May 2011


May 7-8, 2011


By age 15, Bill Hicks already knew he would spend his life as a standup comedian. Less than twenty years later, he would pass away of cancer, but in the interim Bill Hicks made his name as one of the boldest and most original comics of all time. Known as a “comedian’s comedian,” no topic was too close or too weighty for Hicks to tackle: his own family, America, religion and eventually consciousness itself. Paul Thomas andMatt Harlock honor Hicks in their film, American: The Bill Hicks Story.

In this week’s installment of our ongoing series This I Believe, we hear the essay of Suzanne Biemiller. These days, we have lots of ways to keep in touch with loved ones far away. Most of them involve quick notes and status updates. Biemiller says there’s no substitute for the sound of a familiar voice over the telephone. She began calling her mother regularly when she went away to college, and they still talk on the phone all the time, even though they now live in the same city.



Caroline Kennedy is best-known as the only daughter of President John F. Kennedy and Jacqueline Kennedy Onassis, but she is also a well respected author and book editor.  In a new poetry collection titled She Walks in Beauty, Kennedy focused on poems that celebrate and honor womanhood. senior book critic Laura Miller offers a few book titles to add to your spring reading list.

Bob talks with Brian Setzer about his four decades in the music business, the hits in the 1980s with The Stray Cats, his 18-piece “orchestra” and his latest CD, Setzer Goes Instru-mental. The eleven tracks feature Brian Setzer on guitar and banjo playing a mix of original compositions and covers like Blue Moon of Kentucky, Be-Bop-A-Lula and Earl’s Breakdown.


May 14-15, 2011




Stanley Ann Dunham was born in Wichita, Kansas, yet married a man from Kenya and ultimately raised a future President of the United States.  New York Times reporter Janny Scott interviewed nearly 200 people to complete A Singular Woman: The Untold Story of Barack Obama’s Mother.  Bob chats with Scott about the President’s mother and how she didn’t live to see her son’s political success.


Maya Soetoro-Ng was inspired to write her first children’s book, Ladder to the Moon, by her daughter’s questions about her mother, cultural anthropologist Ann Dunham.  Soetoro-Ng is the half-sister of President Barack Obama and a writer and educator.


In this week’s installment of our ongoing series This I Believe, we hear the essay of Scott Shackelford. For fans of science fiction, stories that take place beyond the stars, with a cast of droids and aliens, are so compelling that they sometimes intrude into their actual lives. Shackelford and his father share a devotion to the science fiction genre, which he says has strengthened their relationship over the years.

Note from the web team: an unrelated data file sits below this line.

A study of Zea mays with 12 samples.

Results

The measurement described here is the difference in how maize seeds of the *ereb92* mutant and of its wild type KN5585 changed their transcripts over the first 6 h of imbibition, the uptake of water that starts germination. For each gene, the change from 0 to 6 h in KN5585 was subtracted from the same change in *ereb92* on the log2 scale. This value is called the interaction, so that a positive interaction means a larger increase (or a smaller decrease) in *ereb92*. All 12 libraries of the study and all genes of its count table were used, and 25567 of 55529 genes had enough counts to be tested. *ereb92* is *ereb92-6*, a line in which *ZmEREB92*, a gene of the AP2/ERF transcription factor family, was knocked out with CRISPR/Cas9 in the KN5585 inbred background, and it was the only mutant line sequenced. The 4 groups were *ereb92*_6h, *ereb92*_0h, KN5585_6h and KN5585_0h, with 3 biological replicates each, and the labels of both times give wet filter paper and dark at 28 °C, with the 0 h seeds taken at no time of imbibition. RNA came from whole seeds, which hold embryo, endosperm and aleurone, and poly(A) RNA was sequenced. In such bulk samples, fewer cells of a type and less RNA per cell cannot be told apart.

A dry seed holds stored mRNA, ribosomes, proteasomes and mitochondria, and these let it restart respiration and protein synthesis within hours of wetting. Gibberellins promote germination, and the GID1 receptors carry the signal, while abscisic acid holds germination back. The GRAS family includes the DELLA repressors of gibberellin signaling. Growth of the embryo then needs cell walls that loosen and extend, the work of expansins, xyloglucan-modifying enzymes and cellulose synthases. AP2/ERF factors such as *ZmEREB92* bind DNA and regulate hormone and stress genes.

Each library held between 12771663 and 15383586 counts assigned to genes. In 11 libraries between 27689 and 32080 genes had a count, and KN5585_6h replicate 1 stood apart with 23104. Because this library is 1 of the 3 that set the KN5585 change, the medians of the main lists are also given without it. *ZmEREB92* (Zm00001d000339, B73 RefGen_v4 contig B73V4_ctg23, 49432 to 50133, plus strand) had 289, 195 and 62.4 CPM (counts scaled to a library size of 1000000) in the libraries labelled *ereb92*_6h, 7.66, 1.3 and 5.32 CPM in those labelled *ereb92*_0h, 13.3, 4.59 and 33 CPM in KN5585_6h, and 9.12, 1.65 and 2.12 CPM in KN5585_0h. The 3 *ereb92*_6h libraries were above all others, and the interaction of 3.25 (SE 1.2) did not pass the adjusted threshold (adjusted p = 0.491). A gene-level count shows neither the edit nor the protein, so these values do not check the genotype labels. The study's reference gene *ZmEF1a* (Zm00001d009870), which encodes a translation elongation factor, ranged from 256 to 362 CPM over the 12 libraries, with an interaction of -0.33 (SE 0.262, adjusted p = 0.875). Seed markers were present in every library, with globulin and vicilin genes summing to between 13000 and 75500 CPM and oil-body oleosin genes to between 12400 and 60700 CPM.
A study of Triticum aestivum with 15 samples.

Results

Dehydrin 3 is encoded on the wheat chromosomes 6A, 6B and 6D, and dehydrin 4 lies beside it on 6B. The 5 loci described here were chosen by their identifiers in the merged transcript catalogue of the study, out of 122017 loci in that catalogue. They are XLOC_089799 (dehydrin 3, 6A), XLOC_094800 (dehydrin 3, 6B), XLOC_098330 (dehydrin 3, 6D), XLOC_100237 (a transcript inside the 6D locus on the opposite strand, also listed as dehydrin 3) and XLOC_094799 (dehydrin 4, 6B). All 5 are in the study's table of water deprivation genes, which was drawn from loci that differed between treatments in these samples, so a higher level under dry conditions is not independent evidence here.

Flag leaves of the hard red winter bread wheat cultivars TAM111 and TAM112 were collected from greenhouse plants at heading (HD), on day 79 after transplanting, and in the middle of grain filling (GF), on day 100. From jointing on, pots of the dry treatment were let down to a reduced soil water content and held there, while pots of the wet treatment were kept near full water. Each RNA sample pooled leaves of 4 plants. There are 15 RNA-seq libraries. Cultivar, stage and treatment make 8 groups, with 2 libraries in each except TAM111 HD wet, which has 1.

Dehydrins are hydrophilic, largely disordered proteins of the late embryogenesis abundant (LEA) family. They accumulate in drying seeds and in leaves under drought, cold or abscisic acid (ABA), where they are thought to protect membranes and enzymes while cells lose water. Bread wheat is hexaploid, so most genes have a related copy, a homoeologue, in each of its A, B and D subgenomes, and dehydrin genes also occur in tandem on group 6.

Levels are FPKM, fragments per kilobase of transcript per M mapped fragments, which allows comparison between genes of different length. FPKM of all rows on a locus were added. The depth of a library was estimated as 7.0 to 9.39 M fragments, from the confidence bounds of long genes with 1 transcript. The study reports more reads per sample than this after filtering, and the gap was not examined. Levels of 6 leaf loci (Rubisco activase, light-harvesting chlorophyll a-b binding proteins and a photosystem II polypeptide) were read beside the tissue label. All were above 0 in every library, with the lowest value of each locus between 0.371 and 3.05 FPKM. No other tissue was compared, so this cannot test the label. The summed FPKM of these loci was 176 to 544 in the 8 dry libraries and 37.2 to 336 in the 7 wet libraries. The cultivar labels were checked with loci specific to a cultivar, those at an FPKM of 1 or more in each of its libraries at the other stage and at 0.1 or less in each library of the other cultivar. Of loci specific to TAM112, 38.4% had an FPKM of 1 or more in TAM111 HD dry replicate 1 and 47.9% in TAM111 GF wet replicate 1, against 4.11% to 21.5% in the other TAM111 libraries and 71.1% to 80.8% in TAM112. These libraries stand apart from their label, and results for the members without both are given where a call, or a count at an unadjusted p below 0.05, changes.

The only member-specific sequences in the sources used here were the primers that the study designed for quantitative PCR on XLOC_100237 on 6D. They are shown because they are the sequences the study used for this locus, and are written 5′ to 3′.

Few sculptors can claim the renown and success that Richard Serra has achieved in his forty year career.  But a new show at the Metropolitan Museum of Art in New York City titled Richard Serra Drawing: A Retrospective focuses on Serra’s skills on paper, a segment of his work often overlooked by the public.  This is the first retrospective of Serra’s drawings and shows the varied abilities of this visionary artist. 


Director Mark Goffman’s documentary Dumbstruck takes viewers to the annual Vent Haven Convention in Ft. Mitchell, Kentucky—the ventriloquism capital of the world—and inside the lives of five passionate ventriloquists.  Full of eccentric characters, Dumbstruck reveals the human side of this world of dummies.


May 21-22, 2011


Bob talks with funny man Harry Shearer about his deadly serious documentary titled The Big Uneasy. It tells the story of the 2005 flooding of New Orleans, the unnatural disaster caused by Hurricane Katrina. The focus is on three scientists who tried to warn of the danger or investigate the aftermath of the flooding and the many obstacles they faced.

In this week’s installment of our ongoing series This I Believe, we hear the essay of Michele Weldon.  She has three sons who have many fathers. After Weldon’s ex-husband disappeared from the family, she says teachers and coaches stepped into the void, becoming father figures. Those relationships have helped guide her sons through adolescence, and have shown them that they are worthy of being loved.


Film and stage legend Julie Andrews is one of the English-speaking world’s most beloved entertainers.  First gaining critical and popular success as Eliza Doolittle in the 1956 Broadway production of My Fair Lady, Andrews went on to star in Mary Poppins, The Sound of Music, Thoroughly Modern Millie, Victor Victoria and many other films and Broadway productions.  In recent years, Andrews has become a prolific children’s book author, often partnering with her daughter Emma Walton Hamilton.  Their most recent book is The Very Fairy Princess Takes the Stage.

Loyalty Day was made official in 1958, the original purpose was for Americans to reaffirm their loyalty to the United States. Loyalty oaths have a problematic history in this country, starting with the Revolutionary War. George Washington was for them, but so was Joe McCarthy who believed you were not patriotic enough unless you took one. Loyalty is a tricky virtue, the foundation for love and family, but also the cause of much misery and betrayal, especially when loyalties collide. Pulitzer Prize winning Wall Street Journal columnist Eric Felten offers mediation on the subject in his new book, Loyalty: The Vexing Virtue.